Honey chain traceability
The project sought to maintain admissibility and extend international market access for Guatemalan honey and thus to improve living conditions for beekeepers and other actors in the country's honey chain. In particular, the project contributed to the implementation of an electronic records system designed to ensure product traceability through all stages of production, processing and distribution and helped to increase the application of good production and manufacturing practices.
Regarding safety, efforts have been made to increase the level of technology used in honey production and packaging, and yet practices that can result in the contamination of honey and its by-products, such as the use of chemicals that can leave behind residues and ultimately affect consumer health, continue to be used. Furthermore, different formats are used to record the various production, processing and distribution procedures, without any standardization, which makes it impossible to ensure proper product traceability. Guatemala now exports natural honey to the European Union, the United States and Central America, and this has encouraged many producers to improve their production processes, including by applying HACCP-equivalent systems. It is hoped that by establishing practices such as traceability records, it will be possible to retain these markets and also to increase export volumes.
There have been many cases of honey contamination in Guatemala, but it has been difficult to establish exact places of origin due to the lack of specific traceability records. Contaminated products have been destroyed to protect consumer health, in accordance with the protocols of destination markets, but it has not been possible to identify the specific beehives or beekeepers concerned so that any substandard honey-production practices may be rectified, or whether withdrawal periods are respected after a specific product has been applied.
A honey production traceability module has been designed and integrated into the National Agriculture Traceability Platform (the electronic records system in Guatemala). The module includes all records necessary to trace honey and track its movement through production, harvesting, receipt at plant and packaging into batches for export or marketing on the domestic market. It also covers aspects related to official safety monitoring, such as sample taking, the results of analyses and certification.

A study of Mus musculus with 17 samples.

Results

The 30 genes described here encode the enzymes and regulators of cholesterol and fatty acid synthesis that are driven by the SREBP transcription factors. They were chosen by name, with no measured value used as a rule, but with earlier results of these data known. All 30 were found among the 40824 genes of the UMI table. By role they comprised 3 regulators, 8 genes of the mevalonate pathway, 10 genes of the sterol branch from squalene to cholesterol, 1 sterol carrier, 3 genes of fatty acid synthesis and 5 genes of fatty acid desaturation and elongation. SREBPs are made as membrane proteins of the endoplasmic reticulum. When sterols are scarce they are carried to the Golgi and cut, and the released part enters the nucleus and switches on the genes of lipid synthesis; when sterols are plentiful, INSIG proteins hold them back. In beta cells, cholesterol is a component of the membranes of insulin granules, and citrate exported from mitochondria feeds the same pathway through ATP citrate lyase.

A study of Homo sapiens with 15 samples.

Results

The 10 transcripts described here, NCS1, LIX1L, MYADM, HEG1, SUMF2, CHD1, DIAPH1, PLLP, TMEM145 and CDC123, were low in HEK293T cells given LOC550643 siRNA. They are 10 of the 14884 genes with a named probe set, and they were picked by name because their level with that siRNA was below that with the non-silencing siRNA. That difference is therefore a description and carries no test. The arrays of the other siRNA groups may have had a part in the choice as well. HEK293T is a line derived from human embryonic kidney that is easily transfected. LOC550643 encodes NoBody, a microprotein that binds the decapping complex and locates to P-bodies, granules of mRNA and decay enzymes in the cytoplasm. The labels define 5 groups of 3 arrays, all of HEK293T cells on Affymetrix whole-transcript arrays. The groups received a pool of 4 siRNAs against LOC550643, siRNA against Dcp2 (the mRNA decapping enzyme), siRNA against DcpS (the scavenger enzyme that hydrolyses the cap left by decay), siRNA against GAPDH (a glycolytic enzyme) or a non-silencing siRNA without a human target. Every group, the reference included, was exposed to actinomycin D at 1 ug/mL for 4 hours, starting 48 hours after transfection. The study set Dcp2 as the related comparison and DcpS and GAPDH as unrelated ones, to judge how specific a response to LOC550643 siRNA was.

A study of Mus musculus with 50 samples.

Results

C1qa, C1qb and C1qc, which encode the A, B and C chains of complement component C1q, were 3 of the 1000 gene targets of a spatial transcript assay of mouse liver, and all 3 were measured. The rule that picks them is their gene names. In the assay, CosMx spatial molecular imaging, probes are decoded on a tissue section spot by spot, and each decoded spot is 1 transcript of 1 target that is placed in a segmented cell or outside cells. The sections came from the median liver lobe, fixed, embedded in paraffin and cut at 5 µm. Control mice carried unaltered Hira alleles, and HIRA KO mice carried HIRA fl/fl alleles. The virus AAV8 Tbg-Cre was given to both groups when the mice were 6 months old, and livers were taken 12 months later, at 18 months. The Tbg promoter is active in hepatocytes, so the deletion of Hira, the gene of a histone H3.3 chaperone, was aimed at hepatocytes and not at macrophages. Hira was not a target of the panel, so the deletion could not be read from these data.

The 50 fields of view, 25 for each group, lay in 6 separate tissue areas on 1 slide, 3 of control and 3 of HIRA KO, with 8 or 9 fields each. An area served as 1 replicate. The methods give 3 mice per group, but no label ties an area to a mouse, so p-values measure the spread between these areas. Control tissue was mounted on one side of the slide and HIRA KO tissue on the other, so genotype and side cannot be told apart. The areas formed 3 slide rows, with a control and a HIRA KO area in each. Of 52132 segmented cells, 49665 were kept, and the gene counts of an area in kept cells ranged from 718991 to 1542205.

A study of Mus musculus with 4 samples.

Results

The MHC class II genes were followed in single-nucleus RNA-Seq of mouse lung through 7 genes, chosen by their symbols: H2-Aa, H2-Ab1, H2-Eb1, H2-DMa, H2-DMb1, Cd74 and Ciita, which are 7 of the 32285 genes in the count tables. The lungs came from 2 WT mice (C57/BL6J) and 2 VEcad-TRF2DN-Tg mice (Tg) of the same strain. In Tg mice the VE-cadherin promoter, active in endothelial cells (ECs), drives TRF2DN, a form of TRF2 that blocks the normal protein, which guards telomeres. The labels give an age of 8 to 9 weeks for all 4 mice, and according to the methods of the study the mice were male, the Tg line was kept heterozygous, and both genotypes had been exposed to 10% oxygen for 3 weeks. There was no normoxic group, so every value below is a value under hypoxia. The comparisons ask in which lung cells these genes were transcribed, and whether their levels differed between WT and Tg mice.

It is important to note that the honey production traceability module has also been integrated into the Regional System for Agricultural, Aquaculture and Fishery Traceability that OIRSA makes available to countries of the region, with the aim of extending the impact of the electronic system in the beekeeping sector and contributing to harmonization processes in the region. The same recording processes are already being adopted and implemented in other countries of the region, including in El Salvador and the Dominican Republic.
Strengthening of beekeepers' capacities in the application of good production and manufacturing practices
A training programme on good practices in honey production was carried out to support beekeepers in their capacity development. The areas covered, in addition to those related to good beekeeping practices, included the introduction and validation of the electronic traceability system in each locality. Various training materials were also developed, including: the beekeeper's handbook, designed to support the data capture and recording process; the handbook of good practices in honey production, which was distributed for immediate consultation among the target groups; and the beekeeper's calendar, which included technical details relevant to honey production.
To ensure ongoing monitoring of the actions and results achieved through the project, the MAGA Food Safety Directorate has followed up on recording processes and the adoption of the records system with beekeepers, collection centres and honey processing and packaging plants. It has received technical assistance in this process from OIRSA, which has integrated the electronic system into its Regional Traceability Platform and placed the system's development team at the disposal of other actors throughout the country and the region. To this end, the operational plan of the Regional Traceability Unit includes provision for ongoing technical support in the day-to-day use of the Platform to be offered to MAGA and users by remote electronic means, as well as for their participation in events and activities requiring a face-to-face presence, including activities involving beekeepers, cooperatives and plants, direct cooperation with MAGA, and training, assistance and follow-up in the implementation of the honey traceability system.
Extended use of the system in the region
It is entirely practicable for the system to be replicated since it was developed on the basis of the Regional Apicultural Traceability Standard agreed and harmonized by all countries of the region. As a result, replication and adoption processes have already begun in two countries of the region in which OIRSA operates – namely, El Salvador and the Dominican Republic. These two countries have completed installation of the Regional Platform and the honey production traceability module and are beginning the beekeeper registration process. Nicaragua, meanwhile, is in the process of implementing the Platform. Once this process is complete, the specific honey production traceability module can be made available in the country.